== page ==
Another tech leader joins .tech
The Consumer Technology Association (CTA)™, which produces the world’s largest annual innovation event, is now using www.cta.tech as its primary domain.
Formerly, the Consumer Electronics Association (CEA) ®, the non-profit organization unveiled its new logo and introduced its new name – the Consumer Technology Association (CTA)™ on November 11th at CES Unveiled New York, a half-day event offering a sneak peek at the year’s most innovative products and technologies two months before CES 2016®, which will unite more than 150,000 retail buyers, distributors, manufacturers, market analysts, importers, exporters, and press from 150 countries.
The non-profit organization was earlier using the domain www.ce.org which now redirects to www.cta.tech.
Jeff Joseph, VP of Communications and Strategic Partnerships at CTA said:
“As we researched top level domain names to accompany our recent rebranding, we quickly realized that dot tech was the most appropriate and accurate. The domain clearly aligns with and reflects our vision of our organization and today’s consumer technology industry – fresh, expansive, pioneering and innovative.”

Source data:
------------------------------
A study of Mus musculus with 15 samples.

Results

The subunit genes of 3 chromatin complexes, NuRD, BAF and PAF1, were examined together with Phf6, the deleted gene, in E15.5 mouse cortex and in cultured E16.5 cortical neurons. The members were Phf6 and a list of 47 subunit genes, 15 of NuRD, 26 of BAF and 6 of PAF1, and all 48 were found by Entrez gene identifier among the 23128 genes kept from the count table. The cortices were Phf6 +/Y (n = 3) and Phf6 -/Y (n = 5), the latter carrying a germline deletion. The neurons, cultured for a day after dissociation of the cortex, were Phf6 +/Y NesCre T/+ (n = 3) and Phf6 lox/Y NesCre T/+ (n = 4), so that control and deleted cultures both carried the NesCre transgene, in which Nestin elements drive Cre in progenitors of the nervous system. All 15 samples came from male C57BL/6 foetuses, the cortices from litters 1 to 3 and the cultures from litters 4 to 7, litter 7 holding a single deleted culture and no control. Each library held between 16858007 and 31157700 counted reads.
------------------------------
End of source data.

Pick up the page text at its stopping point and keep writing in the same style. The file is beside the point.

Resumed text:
Tech leaders have led the early adoption and usage of .tech through innovative and creative ways. Viacom – the world’s sixth largest broadcasting company is using www.viacom.techto showcase projects like the apps developed for its brands like MTV, Nickelodeon, Comedy Central etc., their agile software development, active participation at technology events and commitment to open source.
Carl Pei, the co-founder of the One Plus mobile phones, who admits not having written anything in almost two years since OnePlus started, is using carl.tech as his personal blog.
New domain extensions like .tech were launched with the intent of making it easier for consumers to register a meaningful website name of their choice. Consumer skepticism towards any new product is inevitable, but usage from the likes of Google, Amazon, General Motors, Abbott, Sony and others has significantly helped validate the utility of new domain extensions.